Surgery in Crohn’s disease

As Crohn’s disease (CD) may affect any part of the gut, surgery is rarely curative. Careful endoscopic follow-up shows that after successful surgery 90% of cases develop further disease; over the following 10 years approximately 50% will need another operation. However, it is frequently possible to resect merely that part of the gut which has been affected by the disease, so that unlike Ulcerative Colitis (UC), surgery in CD does not inevitably mean a stoma.

Nevertheless, as surgery may remove parts of the gut which have important specialized functions, the follow-up of patients with CD after surgery must be very careful. Resection of the ileum may result in malabsorption of vitamin B12, leading to chronic fatigue, anaemia and damage to the brain and nervous system. Removal of the terminal ileum may result in failure to re-absorb bile salts, and this can cause diarrhoea. Sometimes removal of considerable sections of the small intestine leads to the so-called ‘short gut syndrome’ where the absorption of all nutrients is impaired and enteral or even intravenous feeding is required to maintain nutrition. Some cases of short bowel syndrome even require small bowel transplantation. It is clear that surgery should only be undertaken in CD when it is strictly necessary. Fortunately advances in the medical therapy of CD in particular nutritional therapy, have made extensive surgery rarely required.

The reasons for surgery in CD include failure to respond to medical therapy, but this is much less common than in UC. Surgery is more likely to be required for the development of strictures. This is discussed in detail in the section on complications of CD. Treatment with immunosuppressant drugs may lead to the formation of abscesses which must be drained, and fistulae which cause connections with other organs such as skin or bladder may need surgical removal. Perianal complications present a complex problem of surgical management (see section on complications of CD). Finally, the risk of bowel cancer is increased in CD as it is in UC, although this has been less apparent in the past as surgery, which removed potential sites for the development of cancer, was formerly much more frequent in patients with CD. Nevertheless the development of pre-malignant lesions is an indication for their removal.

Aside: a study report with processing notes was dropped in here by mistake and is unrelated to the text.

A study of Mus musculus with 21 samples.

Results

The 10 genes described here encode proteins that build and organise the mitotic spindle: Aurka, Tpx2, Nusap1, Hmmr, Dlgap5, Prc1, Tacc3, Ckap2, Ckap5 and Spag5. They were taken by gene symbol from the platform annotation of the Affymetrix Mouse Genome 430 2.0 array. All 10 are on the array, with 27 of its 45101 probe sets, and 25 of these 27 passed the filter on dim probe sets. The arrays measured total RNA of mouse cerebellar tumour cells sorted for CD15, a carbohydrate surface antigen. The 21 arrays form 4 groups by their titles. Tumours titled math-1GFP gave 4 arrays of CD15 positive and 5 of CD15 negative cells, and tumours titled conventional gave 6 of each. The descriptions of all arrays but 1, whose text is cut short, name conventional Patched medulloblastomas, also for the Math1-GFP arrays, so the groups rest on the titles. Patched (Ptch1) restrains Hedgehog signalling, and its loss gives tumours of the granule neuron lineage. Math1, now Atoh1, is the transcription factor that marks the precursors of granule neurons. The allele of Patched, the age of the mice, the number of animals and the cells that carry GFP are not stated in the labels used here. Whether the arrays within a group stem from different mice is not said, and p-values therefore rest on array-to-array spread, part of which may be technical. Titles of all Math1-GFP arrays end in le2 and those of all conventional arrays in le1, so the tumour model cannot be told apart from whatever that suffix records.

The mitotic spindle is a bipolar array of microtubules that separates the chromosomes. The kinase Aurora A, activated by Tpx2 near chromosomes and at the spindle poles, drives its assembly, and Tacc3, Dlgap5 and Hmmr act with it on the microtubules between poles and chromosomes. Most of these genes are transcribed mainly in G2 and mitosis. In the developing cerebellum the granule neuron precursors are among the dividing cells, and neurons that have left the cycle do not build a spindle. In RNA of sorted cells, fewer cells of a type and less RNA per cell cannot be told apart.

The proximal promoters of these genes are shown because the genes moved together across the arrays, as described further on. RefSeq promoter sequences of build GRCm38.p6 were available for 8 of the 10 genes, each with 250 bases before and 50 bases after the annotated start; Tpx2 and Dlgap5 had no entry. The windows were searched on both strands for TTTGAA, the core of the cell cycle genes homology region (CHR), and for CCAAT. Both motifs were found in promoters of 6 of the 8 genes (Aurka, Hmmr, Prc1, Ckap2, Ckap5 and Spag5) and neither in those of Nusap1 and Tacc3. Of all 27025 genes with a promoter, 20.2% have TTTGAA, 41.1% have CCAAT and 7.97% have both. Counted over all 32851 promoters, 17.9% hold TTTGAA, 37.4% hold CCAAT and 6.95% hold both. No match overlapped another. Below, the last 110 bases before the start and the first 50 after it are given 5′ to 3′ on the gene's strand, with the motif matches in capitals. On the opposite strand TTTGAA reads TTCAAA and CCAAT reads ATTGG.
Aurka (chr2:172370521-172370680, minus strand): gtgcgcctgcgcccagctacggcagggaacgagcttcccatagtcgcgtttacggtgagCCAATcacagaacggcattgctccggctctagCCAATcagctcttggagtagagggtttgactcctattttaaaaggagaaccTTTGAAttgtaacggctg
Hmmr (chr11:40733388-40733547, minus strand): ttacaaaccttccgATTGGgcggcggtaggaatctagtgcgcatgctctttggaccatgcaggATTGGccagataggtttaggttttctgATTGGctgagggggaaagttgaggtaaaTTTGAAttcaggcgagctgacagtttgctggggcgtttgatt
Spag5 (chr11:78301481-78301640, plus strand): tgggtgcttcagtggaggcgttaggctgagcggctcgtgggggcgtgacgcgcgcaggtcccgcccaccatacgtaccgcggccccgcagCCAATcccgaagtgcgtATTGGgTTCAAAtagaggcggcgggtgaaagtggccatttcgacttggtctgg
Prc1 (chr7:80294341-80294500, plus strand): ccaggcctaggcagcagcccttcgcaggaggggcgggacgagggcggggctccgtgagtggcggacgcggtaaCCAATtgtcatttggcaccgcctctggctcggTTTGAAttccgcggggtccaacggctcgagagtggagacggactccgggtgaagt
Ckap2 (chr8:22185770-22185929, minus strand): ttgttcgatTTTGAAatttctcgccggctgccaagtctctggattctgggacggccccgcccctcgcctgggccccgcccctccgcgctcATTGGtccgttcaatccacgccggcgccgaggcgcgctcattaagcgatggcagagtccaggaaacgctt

Surgery to the small intestine

Following resection of the small intestine CD, the remaining bowel usually adapts to increase its absorptive capacity and should be possible to build back up to a normal diet. However, if there has been extensive surgery, the absorptive capacity will be reduced. A high calorie diet will be required to prevent weight loss and high energy drinks available on prescription may be helpful. In a few cases it may be necessary to supplement food with a special feed delivered via a fine tube into the stomach, or into the blood.

If the terminal ileum is resected, Vitamin B12 may not be efficiently absorbed as the ileum is the only part of the gut where absorption of this vitamin takes place. The body has a large store of Vitamin B12 but when this has been used up regular Vitamin B12 injections will be required to prevent development of a type of anaemia. Folic acid may also be poorly absorbed if there has been extensive surgery to the small bowel and may need supplementation also to prevent anaemia.

The intestine's reserve capacity for fat absorption is more limited than that for carbohydrate or protein, and a reduction in dietary fat may be helpful. This will need to be replaced with carbohydrate- and protein-rich foods and occasionally a special form of easily absorbed fat known as medium chain triglyceride to prevent weight loss. If fat malabsorption continues, the fat soluble Vitamins - Vitamins A and D, and minerals - calcium and magnesium, may be at risk of depletion.

Surgery to the large intestine

Resection of part of the large intestine in either CD or UC does not usually require a special diet. After the operation, the diet will be built up gradually from liquids to a light diet and then back to a normal diet. If the whole of the large intestine is removed, an ileostomy or pouch will be formed. The small intestine needs some time to adapt to some of the functions of the large intestine and at first plenty of fluids and salt are required. It is advisable not to take too much fibre initially to reduce output from the stoma, but this can be gradually increased to suit the individual. Absorption of nutrients is usually normal, (unless, in the case of CD, some of the terminal ileum has also been removed) and therefore patients should keep to a normal varied diet. Patients with ileostomies may prefer to avoid foods which cause an unacceptable odour such as onions, lentils, pulses and sprouts.